Thursday, February 17, 2011


President Obama’s recent State of the Union Address reprised the “green jobs” theme that he constantly touted in his 2008 campaign as the key to America’s economic future. Those stump speeches were regularly punctuated with references to the great job Spain was doing in this arena.

At least candidate Obama’s misguided economic assessment occurred before the release of a 2009 study by a research team from Madrid’s King Juan Carlos University that concluded Spain’s green energy programs destroyed twice as many private sector jobs as they created. A subsequent Danish study (“Wind Energy: The Case of Denmark”) reached similarly damning conclusions.

Candidate Jerry Brown could not plausibly claim ignorance of these studies when last year he employed the President’s eco-mantra in his successful gubernatorial race--promising 500,000 jobs based on various green incentives and subsidies.

Brown could, however, as Obamaphiles in the media have done, ignore or disparage the European studies. Indeed, the National Renewable Energy Laboratory (the “renewables” branch of Obama's Energy Department) issued its own dismissive review of the Spanish study.

Not surprisingly, the czars, czarinas and “czardines” in the Energy Department don’t like the idea that they aren't indispensable to the welfare of the nation—and are quite likely economic liabilities.

Thus, the NREL analysis found fault with the Spanish study’s comparison of the how much it cost to create a government-subsidized green job with costs per worker in the private sector. It also saw nothing amiss with the fact that each government green job cost over $700,000.

As an Institute for Energy Research analysis sarcastically notes, NREL’s more “sophisticated” analysis assumes that money grows on trees rather than coming from private sector taxpayers.

NREL also envisions significant job growth in Spain based on their ability to export energy technologies to the rest of the world—an assumption that’s constantly applied by green politicians to California’s renewable future. Spain, in other words, will gain jobs, by becoming the “white elephant” supplier of inefficient energy technologies to gullible countries throughout the world.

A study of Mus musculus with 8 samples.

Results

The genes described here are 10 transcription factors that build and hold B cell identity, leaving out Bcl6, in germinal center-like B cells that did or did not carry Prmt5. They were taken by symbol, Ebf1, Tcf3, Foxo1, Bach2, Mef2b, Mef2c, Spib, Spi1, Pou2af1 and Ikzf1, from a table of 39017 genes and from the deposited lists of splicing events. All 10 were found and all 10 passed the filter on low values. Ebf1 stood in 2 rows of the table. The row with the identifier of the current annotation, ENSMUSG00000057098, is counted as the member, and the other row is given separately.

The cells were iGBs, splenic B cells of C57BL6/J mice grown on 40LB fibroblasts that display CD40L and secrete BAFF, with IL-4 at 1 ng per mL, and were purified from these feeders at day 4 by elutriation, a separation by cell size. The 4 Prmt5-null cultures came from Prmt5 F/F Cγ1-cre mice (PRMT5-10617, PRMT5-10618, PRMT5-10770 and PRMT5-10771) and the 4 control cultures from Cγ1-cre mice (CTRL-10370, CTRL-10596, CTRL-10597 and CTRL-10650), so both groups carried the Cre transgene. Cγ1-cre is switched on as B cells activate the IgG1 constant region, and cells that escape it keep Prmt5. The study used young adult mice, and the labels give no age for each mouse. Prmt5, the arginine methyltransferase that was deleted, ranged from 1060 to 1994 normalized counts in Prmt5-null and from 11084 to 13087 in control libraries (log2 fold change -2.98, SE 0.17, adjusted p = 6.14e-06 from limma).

One is free to pick among dueling studies, but the real proof is in the economic pudding. Spain, as of January of this year, had an unemployment rate of over 20% and rising—this after a decade of sponsoring the kind of programs about which Obama and Brown speak effusively. California, which has followed similar green policies for years, has an unemployment rate over 12%--well over the national average.

With all the green hot air blowing out of Sacramento, the Golden State may soon be replicating Spain’s even more abysmal economic performance.

Thursday, February 03, 2011


After the President’s State of the Union address, we now know how the U.S. will deal with an annual budget deficit of 1.5 trillion dollars. (That’s $1,500,000,000,000.) The answer is “green jobs” and high-speed rail.

California, with an unemployment rate of 12.5 % and a huge, chronic budget deficit, knows all about the benefits of green jobs and high-speed rail.

A bit more than two years ago, well-funded greenies and their government cohorts convinced gullible California voters to begin the process of building a high-speed rail system that’s ultimately supposed to travel from San Francisco to Los Angeles to San Diego (via the Inland Empire).

The price tag for the general obligation bonds approved in November of 2008 was 9.95 billion dollars—a figure doubtless chosen to keep the total discreetly under double-digits and to imply that government estimates on such projects can be calculated with precision.

It is instructive, however, to recall that when Medicare cost a mere three billion dollars in 1966, an inflation-adjusted estimate for the program in 1990 was twelve billion. The actual cost in that year was 107 billion. Multiplying official estimates by 8 or 9 is often a good way to approximate a program’s actual cost.

Case in point: North County’s cute Sprinter rail system from Escondido to Oceanside was estimated in 1990 to cost about $60 million. It ended up at 477 million. Following suite, the Rail Authority estimate for the state high-speed rail system increased from 33.6 to 42.6 billion in 2009 alone. If ditzy Californians insist on throwing more money down a rail hole, the final cost, according to economic journalist Robert Samuelson, “could easily approach 200 billion.”

The benefits of such projects, by contrast, regularly run well below estimates. Sprinter daily ridership, for example, was projected at 11,000 per day—increasing to 20,000 by 2020. In fact, ridership has yet to crack a 9,000 average, even for the best months.

Similarly, fare projections for a one-way high-speed rail trip from LA to the Bay Area have already increased from $55 during the Prop 1A campaign to $105. Topping all these disappointments, Samuelson has argued that the project’s crucial environmental benefits will be minimal to nonexistent.

In the meantime, the California High-Speed Rail Authority provides on its website a glowing image of 600,000 construction-related jobs that will eventually produce a cluster of gleaming trains traveling at speeds up to 220 mph past a bevy of active wind-turbines.

The highly optimistic Rail Authority completion date for the LA-to-the-Bay backbone of the system is 2020—yet another “shovel-ready” project. And voters should know exactly what those taxpayer-funded scoopers will be shoveling.